I hate to say it, but there is a really strong case to be made for avoiding the stock market almost entirely in terms of an investment strategy. I’m a big believer in owning select, higher dividend paying stocks, but if you consider the stock market’s returns over the last decade, the track record is terrible.
The S&P 500 Index is currently trading around the same level it was in 2008, 2006, 2001 and 1999. While there are always some big winners (including a number of dividend paying stocks), 1999 to 2012 is a long time to go without any material capital gains from equities. With dividend payments, owners of the Index are basically flat considering inflation.
The stock market did outstandingly well from the mid-80s to 2000. This 15-year period emboldened an entire new generation of equity investors—not really with dividend paying stocks, but with higher growth companies, mostly related to technology. The stock market over the past 12 years is eerily similar to the trading action experienced from the mid-60s to late 70s. During this period, there were no overall capital gains for equity investors.
For medium- to long-term stock market investors, I feel that higher dividend paying stocks are the only way to go. And I’m not saying this as part of a conservative investment strategy, but as one that will outperform the rest of the stock market. History is seemingly repeating itself and I think we have several more years of economic and equity market stagnation. With inflation around the corner, dividend paying stocks are the only way to go. For speculators and traders, an overweighting in resource-related opportunities seems reasonable, as the commodity price cycle is still in mid-swing.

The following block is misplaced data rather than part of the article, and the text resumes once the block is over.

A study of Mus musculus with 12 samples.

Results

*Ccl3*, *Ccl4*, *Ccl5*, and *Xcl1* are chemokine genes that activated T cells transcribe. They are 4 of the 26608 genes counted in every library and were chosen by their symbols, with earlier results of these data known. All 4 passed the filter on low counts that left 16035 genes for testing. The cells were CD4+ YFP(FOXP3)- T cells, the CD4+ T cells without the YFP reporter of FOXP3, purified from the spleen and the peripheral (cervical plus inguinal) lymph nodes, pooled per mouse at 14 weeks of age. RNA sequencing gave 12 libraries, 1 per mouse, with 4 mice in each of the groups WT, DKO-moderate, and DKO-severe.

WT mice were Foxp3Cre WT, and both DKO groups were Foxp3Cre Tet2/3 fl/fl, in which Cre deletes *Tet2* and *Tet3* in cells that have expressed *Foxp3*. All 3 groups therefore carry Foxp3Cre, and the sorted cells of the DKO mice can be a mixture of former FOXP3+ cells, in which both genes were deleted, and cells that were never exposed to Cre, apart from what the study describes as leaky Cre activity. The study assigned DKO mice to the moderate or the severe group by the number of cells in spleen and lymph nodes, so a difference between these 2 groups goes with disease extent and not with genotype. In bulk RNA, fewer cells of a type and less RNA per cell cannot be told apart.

The stock market today is not particularly attractive as an asset class. The U.S. real estate market now offers a better chance of achieving material capital gains over the next few years. Dividend paying stocks are attractive, but I won’t fool myself; the expectation for capital gains in these kinds of securities is limited.
Traders can speculate in stocks, bonds, currencies, futures, options and some other kinds of derivatives. But for traditional equity investors, there are declining expectations for economic growth and corporate earnings. Goldman Sachs’ latest research report for the stock market in 2012 is titled, “Strategies For Stagnation.” This makes the point perfectly.
I want to reiterate my view that stock market investors need to be extremely cautious over the near term (the next three months). (See Stock Market’s Forming a New Base, in Spite of Volatility.) Politicians are now the leading influence in capital markets and this is never good. I’m an advocate for higher dividend paying stocks as the opportunities arise; aside from that, those looking for material capital gains should look somewhere other than the stock market.